Thermal energy harvesting technology
MOÏZ is a "deep-tech" start-up that emerged from a fundamental research laboratory in condensed matter physics of the CNRS located in Grenoble, the Néel Institute. The technologies used in our autonomous sensors are the result of ten years of work and several research projects funded by Europe, the ANR, the CNRS and the Linksium SATT. Our autonomous sensors use the thermoelectric effect, and more specifically the Seebeck effect to convert the thermal energy available in their environment into the electrical energy necessary to power them.
The thermoelectric effect
The thermoelectric effect is a physical phenomenon describing the conversion of a heat flow into electricity. The best known thermoelectric effects are the Peltier effect, generally used to create cold from an electric current, and the Seebeck effect, which describes the creation of an electric voltage across a material subjected to a temperature difference.
The Seebeck effect is the heart of our autonomous sensors. We can illustrate this effect with the help of the figure on the side representing a metal bar whose ends are subjected to a temperature difference. The hotter electrons are more energetic than the colder ones, their diffusion will be favored, which will result in the appearance of a potential difference at the terminals of the bar.
This effect exists in most of the usual materials but it is more pronounced in some materials called thermoelectric materials. These materials are generally highly doped semiconductor alloys. For example, alloys based on bismuth tellurium are used today in most of the thermoelectric modules marketed around the world.
From the thermoelectric effect to the thermoelectric module
Unfortunately the conversion efficiency given by the thermoelectric effect does not allow the use of thermoelectric materials as they are. Indeed, voltages produced at the terminals of these materials are of the order of 200 µV.K-1. In order to improve the efficiency of the devices it is necessary to use N and P type semiconductor materials and to connect them electrically in series and thermally in parallel. The result is a thermoelectric module as shown here. These modules are industrially manufactured, they are essential to cool optical components, especially in telecommunications. The modules used by the MOÏZ start-up have been tested in our premises and selected as much for their performances as for their reliability.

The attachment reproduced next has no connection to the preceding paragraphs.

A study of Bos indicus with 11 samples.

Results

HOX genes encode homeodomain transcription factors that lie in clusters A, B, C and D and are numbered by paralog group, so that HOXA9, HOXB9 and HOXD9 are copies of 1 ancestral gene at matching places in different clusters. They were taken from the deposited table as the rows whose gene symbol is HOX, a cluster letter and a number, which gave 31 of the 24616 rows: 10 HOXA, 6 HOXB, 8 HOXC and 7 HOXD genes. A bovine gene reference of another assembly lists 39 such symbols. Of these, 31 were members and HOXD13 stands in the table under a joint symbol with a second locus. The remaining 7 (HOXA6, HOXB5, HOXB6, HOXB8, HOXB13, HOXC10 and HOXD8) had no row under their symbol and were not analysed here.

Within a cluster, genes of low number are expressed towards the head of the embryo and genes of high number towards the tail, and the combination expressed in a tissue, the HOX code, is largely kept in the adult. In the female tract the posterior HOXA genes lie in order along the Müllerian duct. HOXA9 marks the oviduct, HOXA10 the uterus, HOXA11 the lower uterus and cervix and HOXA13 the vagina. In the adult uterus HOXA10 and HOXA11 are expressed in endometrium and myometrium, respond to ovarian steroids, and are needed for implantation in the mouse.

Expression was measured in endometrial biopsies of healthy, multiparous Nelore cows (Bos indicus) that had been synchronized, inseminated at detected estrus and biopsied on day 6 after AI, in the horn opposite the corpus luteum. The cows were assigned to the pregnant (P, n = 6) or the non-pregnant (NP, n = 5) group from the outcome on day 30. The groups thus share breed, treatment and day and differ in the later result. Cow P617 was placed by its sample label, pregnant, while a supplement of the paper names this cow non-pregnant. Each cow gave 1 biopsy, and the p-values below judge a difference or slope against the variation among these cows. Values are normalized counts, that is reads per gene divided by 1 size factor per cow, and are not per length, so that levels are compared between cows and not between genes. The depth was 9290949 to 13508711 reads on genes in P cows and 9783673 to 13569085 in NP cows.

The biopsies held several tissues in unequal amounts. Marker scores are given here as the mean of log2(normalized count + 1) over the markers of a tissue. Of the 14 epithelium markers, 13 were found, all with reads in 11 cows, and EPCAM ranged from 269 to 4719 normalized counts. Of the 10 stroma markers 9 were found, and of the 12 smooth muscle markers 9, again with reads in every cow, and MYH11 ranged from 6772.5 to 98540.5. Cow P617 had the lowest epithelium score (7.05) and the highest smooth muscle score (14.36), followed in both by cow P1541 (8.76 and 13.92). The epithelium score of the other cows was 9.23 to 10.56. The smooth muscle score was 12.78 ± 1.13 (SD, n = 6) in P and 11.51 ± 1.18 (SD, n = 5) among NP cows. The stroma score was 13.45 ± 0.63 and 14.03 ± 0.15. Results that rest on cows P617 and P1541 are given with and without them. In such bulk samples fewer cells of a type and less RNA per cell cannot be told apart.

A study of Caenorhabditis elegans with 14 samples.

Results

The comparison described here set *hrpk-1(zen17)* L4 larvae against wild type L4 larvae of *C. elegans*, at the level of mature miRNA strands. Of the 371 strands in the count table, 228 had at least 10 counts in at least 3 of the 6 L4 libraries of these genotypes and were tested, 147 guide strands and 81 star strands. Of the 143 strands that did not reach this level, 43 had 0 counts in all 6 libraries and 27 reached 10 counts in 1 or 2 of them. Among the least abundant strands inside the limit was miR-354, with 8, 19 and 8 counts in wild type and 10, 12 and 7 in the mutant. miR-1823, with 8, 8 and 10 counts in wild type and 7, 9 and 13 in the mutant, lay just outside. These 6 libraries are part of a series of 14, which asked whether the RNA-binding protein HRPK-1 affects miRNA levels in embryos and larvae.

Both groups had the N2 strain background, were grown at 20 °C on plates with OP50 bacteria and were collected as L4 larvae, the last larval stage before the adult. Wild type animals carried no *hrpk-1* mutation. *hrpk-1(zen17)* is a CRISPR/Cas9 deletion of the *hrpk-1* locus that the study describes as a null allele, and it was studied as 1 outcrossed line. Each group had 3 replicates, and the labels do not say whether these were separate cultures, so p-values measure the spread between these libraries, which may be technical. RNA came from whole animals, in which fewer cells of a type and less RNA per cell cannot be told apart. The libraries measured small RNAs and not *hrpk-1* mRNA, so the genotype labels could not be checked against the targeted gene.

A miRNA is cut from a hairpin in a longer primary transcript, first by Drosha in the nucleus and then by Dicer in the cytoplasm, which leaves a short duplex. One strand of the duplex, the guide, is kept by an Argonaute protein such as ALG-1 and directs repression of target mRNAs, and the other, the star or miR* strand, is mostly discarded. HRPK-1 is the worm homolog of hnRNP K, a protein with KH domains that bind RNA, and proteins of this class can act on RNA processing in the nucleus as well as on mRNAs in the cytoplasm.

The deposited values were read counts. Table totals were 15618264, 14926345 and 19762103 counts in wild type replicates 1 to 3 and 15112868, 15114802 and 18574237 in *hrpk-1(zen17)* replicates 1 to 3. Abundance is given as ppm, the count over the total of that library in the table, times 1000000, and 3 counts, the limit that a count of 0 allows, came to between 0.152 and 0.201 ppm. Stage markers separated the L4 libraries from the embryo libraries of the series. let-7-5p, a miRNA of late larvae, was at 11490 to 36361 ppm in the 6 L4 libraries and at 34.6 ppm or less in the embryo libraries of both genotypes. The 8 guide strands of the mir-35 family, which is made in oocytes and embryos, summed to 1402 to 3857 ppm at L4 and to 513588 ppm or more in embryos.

If we take a closer look at the thermodynamic efficiency of the heat-to-electricity conversion, we can see that it only depends on the properties of the thermoelectric materials. Under standard conditions, this efficiency is around 7%. This efficiency is certainly low compared to other energy conversion technologies, but it is more than sufficient to power one or more connected sensors in most industrial environments.
To keep this efficiency, it is still necessary to be able to evacuate 93% of the incoming heat flow, otherwise the thermal balance will homogenize the temperatures of the hot and cold sides of the thermoelectric module. The recovered power will then tend towards zero. Consequently, most thermoelectric devices are coupled to large heatsinks, or even fans ! The challenge is to properly evacuate the heat from the cold surface.
This is why we take great care in optimizing the thermal design of our autonomous sensors. This optimization has led to the filing of a patent and allows us today to achieve complete autonomy in many industrial environments.
Towards thermoelectric modules on silicon
In addition, the MOÏZ start-up is developing a patented technology developed at the Néel Institute. It is a new type of planar thermoelectric nanomodule (nano-TEG) that can be integrated on silicon using MEMS technologies.
The architecture of our silicon-based energy harvesting technology offers many advantages over existing Peltier modules on the market:
The membrane-like structure of the nano-TEGs allows for efficient heat removal without the use of heatsinks.
The low mass of the membrane increases the sensitivity of the device to temperature fluctuations.
Conversion can be achieved by any thermoelectric material deposited as thin films.
The use of ultrathin layers allows to reduce the amount of thermoelectric material needed for its operation.
The nano-TEGs have the particularity of being able to be paralleled by hundreds allowing to obtain an impedance of a few ohms despite the use of thin layers. It is this last point that allows our generators to be coupled with frequently used electronic components.
High performance, easily integrated, this energy harvesting solution is currently under development.